There’s mounting evidence that it’s a health hazard.
Consider what you’ve eaten today. Perhaps you drank juice from a plastic bottle and coffee from a Keurig pod. For breakfast, you might have had fruit with yogurt. Your lunch salad may have been packed in a plastic container.
There’s a good chance much of what you ingested was packaged, stored, heated, lined, or served in plastic. And unfortunately, there’s mounting scientific evidence that these plastics are harming our health, from as early as our time in our mother’s womb.
Most of our food containers — from bottles to the linings in aluminum cans to plastic wraps and salad bins — are made using polycarbonate plastics, some of which have bioactive chemicals, like bisphenol A (BPA) and phthalates.
These man-made chemicals can leach from the containers or wrappings into the food and drinks they’re holding — especially when they’re heated. Research released earlier this year found that more than 90 percent of bottled water from the world’s leading brands was contaminated with microplastics, sparking a review of plastics in drinking water by the World Health Organization.
The main cause for concern is that these chemicals can mess with our hormones. Specifically, they can mimic hormones like estrogen, interfere with important hormone pathways in the thyroid gland, and inhibit the effects of testosterone.
Hormones are essential to the body’s ability to regulate itself; they function like little messengers, floating through the bloodstream and triggering different organs and systems to work together. Now imagine eating something that has a similar structure to your hormones and can act like hormones in your body. It can interfere with the delicate balance our bodies need to maintain. And that’s what ingesting even low doses of chemicals from plastic, over years, can do.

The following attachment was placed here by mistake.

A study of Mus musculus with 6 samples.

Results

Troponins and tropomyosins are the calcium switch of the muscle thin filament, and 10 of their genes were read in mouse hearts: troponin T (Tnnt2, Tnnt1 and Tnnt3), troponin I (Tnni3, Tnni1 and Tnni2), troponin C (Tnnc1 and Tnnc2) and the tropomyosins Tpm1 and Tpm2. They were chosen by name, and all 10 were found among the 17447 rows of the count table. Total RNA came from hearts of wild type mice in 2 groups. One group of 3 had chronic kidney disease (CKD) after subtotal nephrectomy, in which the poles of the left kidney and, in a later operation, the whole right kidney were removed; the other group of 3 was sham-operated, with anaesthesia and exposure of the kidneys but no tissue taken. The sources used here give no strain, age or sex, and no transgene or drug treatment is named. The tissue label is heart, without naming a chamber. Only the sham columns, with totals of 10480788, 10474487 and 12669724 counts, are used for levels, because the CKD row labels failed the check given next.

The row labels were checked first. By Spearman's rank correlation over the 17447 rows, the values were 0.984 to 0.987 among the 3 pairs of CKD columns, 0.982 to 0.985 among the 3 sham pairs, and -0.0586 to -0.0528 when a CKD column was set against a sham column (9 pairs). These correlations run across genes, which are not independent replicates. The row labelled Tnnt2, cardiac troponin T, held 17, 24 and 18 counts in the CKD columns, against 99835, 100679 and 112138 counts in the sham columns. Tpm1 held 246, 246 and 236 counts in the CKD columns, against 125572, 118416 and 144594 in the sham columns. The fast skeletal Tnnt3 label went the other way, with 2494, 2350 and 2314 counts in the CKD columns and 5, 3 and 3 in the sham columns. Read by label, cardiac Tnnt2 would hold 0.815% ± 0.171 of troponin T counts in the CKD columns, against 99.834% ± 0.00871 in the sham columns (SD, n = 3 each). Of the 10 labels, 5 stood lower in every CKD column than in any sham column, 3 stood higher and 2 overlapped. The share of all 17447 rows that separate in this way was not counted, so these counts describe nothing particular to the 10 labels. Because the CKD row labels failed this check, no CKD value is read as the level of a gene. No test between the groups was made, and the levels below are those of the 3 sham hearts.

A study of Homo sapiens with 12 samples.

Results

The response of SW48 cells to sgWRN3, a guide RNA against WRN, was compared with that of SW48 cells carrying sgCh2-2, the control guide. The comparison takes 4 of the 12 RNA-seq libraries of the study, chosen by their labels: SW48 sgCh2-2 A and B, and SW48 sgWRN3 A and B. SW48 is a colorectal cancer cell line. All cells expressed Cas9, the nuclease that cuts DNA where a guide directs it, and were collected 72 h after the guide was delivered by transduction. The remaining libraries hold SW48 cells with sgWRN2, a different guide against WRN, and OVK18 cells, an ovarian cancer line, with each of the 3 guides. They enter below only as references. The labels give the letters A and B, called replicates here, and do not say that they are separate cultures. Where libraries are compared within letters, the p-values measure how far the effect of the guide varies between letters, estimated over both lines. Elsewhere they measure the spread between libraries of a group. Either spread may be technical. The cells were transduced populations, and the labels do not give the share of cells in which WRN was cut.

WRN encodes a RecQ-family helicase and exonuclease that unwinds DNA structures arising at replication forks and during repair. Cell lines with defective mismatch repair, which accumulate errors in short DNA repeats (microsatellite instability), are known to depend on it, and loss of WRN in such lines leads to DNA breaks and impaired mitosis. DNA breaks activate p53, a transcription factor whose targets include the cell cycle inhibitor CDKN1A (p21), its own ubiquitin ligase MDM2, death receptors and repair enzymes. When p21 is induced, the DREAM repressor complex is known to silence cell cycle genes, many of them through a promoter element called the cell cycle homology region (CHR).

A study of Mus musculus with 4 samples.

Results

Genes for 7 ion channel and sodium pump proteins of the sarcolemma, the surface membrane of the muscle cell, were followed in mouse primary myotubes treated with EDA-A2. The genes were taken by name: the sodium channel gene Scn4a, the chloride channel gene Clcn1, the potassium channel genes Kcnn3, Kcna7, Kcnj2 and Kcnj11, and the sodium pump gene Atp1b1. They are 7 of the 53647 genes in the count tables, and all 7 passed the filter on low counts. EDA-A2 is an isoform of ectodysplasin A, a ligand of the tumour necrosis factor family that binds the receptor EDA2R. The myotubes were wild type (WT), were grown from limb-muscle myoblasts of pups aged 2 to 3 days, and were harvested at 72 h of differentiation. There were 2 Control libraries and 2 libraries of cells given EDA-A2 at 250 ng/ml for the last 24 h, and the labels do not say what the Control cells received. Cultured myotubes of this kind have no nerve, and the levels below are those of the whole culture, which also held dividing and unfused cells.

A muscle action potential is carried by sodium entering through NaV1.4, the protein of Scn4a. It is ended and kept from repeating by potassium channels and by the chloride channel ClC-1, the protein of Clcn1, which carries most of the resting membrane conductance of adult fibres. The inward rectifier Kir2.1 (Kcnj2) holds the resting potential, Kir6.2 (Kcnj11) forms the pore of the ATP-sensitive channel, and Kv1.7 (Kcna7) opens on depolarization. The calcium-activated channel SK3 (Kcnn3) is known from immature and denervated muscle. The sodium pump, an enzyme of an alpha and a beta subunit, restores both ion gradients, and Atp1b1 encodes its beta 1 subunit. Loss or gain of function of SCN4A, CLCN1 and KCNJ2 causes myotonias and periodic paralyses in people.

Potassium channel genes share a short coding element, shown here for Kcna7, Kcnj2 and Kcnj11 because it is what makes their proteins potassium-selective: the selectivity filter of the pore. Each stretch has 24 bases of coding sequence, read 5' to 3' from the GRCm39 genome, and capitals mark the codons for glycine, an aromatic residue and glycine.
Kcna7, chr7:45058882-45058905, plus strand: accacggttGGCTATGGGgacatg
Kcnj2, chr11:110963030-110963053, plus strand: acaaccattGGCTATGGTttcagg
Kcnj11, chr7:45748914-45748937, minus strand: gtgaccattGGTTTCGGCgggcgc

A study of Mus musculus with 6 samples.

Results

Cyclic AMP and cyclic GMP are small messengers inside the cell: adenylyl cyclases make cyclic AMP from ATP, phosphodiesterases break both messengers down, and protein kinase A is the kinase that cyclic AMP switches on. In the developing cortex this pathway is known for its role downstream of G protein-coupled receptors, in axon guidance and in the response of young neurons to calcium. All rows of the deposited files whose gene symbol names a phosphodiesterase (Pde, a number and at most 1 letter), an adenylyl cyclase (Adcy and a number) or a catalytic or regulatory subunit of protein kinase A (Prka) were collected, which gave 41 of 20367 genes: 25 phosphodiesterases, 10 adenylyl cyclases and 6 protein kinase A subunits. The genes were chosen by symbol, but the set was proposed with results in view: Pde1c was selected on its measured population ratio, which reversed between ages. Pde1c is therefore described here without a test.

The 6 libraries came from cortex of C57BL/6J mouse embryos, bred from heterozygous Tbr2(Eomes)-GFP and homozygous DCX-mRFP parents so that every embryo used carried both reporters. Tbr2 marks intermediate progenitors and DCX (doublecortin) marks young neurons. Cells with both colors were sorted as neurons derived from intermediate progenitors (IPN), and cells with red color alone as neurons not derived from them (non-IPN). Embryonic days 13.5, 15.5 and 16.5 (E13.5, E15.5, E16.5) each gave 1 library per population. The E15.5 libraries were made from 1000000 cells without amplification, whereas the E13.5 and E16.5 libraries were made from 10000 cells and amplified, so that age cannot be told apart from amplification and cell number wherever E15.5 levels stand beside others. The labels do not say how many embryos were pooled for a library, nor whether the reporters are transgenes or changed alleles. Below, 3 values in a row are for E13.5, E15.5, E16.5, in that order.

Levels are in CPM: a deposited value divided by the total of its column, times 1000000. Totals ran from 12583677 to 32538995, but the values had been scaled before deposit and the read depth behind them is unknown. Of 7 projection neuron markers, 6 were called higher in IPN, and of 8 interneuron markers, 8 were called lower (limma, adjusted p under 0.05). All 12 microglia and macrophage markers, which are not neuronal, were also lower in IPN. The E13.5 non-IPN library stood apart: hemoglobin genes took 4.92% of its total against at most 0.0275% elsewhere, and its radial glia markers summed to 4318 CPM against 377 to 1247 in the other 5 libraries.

But because we’re exposed to these chemicals from many sources simultaneously, it’s tricky to measure their health impact. Even so, there’s compelling evidence that their “endocrine disrupting” capabilities have a range of disturbing health effects, from an increased risk of obesity and diabetes to problems with reproductive development.
“Whatever organ or system under development in the fetus or child during an exposure could be altered in subtle yet significant ways, even at low doses,” Tom Neltner, the chemicals policy director at the Environmental Defense Fund, told Vox.
That’s why a major pediatricians group, the American Academy of Pediatrics, in July called on families to limit their use of plastic food containers and demanded “urgently needed” oversight and reforms to the way these substances are regulated in the US.
But right now, that’s not happening. So, as pediatricians have suggested, you might want to rethink the plastics your food is stored in. Here’s what you need to know.
The complicated — and disturbing — science of plastics and animal health
The impact of the chemicals in plastics we commonly use for food storage have been studied in both animals and humans. And depending on the type of plastic polymer, the health effects vary from inconclusive to disturbing.
First, let’s walk through some of the animal research since it’s important here. (Researchers running animal experiments can zero in on which doses of which chemicals cause certain health effects, something they can’t do in human studies — more on that later.) And let’s start with the most feared plastic polymer: BPA.
In aquatic animals, which are important models for human disease, BPA disrupts hormones in a variety of ways: as an estrogen imitator, blocking other sex hormones, and disrupting the thyroid hormone system. Researchers have noted that BPS, a compound that is structurally very similar to BPA, has similar effects on aquatic animals, but using BPS means manufacturers can claim their products are BPA-free.